Cultivating Resilience

Updated: Apr 29, 2022

Written by Vanessa Barajas, Program Coordinator at Work2Live


Resilience is defined as the capacity to recover quickly from difficulties and toughness. There’s a notion that resilience enables a person to elastically spring back into shape, or into the person they were before whatever difficulty it is that they faced. This commonly held belief is faulty, an assumption that clouds our understanding of what truly constitutes resilience. Humans are fundamentally and forever changed by the challenges and changes we encounter. We do not recover, but instead, rebuild. We do not bounce back, we bounce forward.


A better description of resilience might be: The human capacity to be present in the face of challenge and to leverage the lessons inherited in challenge, change, and complexity for deeper personal growth and development. In this definition, resilience is our willingness to be present for both the affirming and adverse challenges life presents. It’s about showing up completely, instead of hiding, numbing, or ignoring these experiences, and by way of being present with our experience, to allow ourselves to be fundamentally and forever changed by our circumstances, ultimately, for the better.



The exciting thing about resilience is that it is a skill. Like any skill, with practice, resilience can be learned. Here are some ways to build resilience at work:


Take a positive stance. By taking a positive stance at work, you are more able to adapt to adversity because an optimistic attitude puts energy and motivation into work. This can mitigate emotional exhaustion and cognitive fatigue.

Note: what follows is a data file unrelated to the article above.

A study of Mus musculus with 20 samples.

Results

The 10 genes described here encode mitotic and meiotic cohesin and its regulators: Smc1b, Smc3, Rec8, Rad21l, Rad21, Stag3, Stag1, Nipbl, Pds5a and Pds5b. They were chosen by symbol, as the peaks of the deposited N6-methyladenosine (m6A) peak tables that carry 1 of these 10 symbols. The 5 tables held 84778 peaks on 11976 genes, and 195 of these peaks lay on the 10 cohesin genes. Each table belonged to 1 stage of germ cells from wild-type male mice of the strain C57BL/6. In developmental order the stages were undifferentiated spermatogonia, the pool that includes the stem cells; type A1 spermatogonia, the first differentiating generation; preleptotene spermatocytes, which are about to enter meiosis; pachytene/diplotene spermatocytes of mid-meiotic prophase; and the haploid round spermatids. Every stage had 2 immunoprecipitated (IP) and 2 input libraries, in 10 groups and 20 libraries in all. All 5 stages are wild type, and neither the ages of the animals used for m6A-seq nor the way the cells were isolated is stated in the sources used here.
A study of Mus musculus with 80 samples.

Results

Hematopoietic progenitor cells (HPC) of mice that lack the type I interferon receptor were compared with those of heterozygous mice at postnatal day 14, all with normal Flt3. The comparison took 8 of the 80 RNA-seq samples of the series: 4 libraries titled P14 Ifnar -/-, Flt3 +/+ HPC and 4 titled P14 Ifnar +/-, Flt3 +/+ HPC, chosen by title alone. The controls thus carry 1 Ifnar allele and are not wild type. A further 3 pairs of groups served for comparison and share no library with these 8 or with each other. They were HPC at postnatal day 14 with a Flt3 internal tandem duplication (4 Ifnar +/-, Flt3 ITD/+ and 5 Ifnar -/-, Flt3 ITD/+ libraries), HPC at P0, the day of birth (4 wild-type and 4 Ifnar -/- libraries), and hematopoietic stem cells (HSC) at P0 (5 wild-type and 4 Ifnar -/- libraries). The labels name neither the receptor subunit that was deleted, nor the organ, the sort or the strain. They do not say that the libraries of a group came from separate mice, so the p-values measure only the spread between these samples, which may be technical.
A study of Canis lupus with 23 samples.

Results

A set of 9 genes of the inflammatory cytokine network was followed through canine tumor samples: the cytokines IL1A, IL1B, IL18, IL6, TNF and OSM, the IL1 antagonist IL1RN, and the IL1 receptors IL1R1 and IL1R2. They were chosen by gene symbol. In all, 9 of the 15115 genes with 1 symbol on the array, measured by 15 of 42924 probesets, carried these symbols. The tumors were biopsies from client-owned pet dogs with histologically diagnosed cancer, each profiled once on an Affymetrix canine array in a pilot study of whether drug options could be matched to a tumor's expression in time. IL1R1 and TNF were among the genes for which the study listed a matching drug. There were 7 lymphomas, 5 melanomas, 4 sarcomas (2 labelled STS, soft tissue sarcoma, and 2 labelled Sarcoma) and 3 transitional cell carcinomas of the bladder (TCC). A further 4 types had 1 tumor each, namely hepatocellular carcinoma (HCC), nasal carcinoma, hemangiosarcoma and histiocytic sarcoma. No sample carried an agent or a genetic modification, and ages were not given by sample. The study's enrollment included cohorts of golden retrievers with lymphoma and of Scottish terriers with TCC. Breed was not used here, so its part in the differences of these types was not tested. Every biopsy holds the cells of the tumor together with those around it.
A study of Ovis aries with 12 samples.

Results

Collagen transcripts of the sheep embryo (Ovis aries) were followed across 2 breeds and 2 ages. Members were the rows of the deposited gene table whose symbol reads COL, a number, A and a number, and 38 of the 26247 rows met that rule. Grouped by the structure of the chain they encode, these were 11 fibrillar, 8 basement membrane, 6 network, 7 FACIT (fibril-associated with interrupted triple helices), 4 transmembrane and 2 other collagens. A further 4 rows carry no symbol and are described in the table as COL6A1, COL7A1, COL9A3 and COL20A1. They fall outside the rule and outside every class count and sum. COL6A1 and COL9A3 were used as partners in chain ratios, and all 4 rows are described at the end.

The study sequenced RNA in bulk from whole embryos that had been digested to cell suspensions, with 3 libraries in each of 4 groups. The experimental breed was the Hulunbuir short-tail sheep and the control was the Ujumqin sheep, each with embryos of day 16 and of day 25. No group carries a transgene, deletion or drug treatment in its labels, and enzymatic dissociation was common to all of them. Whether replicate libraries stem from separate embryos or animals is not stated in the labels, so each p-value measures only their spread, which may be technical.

Accept change. Accept that change is a part of life. There’s always going to be changes at work and there will be changes you cannot control. Accepting circumstances that cannot be changed can help you focus on circumstances that you can control and improve.


Practice thought awareness. This means to have a level of awareness about the full range of thought and even emotions you experience, from negative to positive. In turn you’ll have the ability to consider the ramifications of your reactions and behavior and the effects it has on others.


Practice reframing. Negative thoughts can reduce the quality of your performance, and they undermine your relationships with others. Cognitive restructuring helps you to change the negative or distorted thinking that often lies behind bad energy.


Choose your response. Remember, we all experience bad days and we all go through our share of crises. But we have a choice in how we respond: we can choose to react with panic and negativity, or we can choose to remain calm and logical to take control and find a solution. Your reaction is always up to you.


Move toward your goals. Develop realistic goals and take a small step regularly to achieve those goals. This enables you to move toward the things you want to accomplish. Instead of focusing on tasks that seem unachievable, ask yourself, “What’s one thing I know I can accomplish today that helps me move in the direction I want to go?”


Practice gratitude. Find a way to practice gratitude that you can actually stick to, whether that’s ending each day by writing a sentence in a gratitude journal or committing to running through a list of three things you’re grateful for while brushing your teeth every morning.


Learn from your past. By looking back at who or what was helpful in previous times of distress. You may discover how you can respond effectively to new difficult situations. Remind yourself of where you’ve been able to find strength and ask yourself what you’ve learned from those experiences.


The importance of resilience in the workplace cannot be underestimated! Given that we spend roughly one-third of our day at work, being able to ‘bounce back’ when presented with the inevitable challenges that work presents is a very important issue to consider. With enough practice, you’ll have a toolbox of techniques that come naturally. The important thing is to remember you’re not alone on the journey. While you may not be able to control all of your circumstances, you can grow by focusing on the challenges you can manage with the support of colleagues, loved ones and trusted professionals.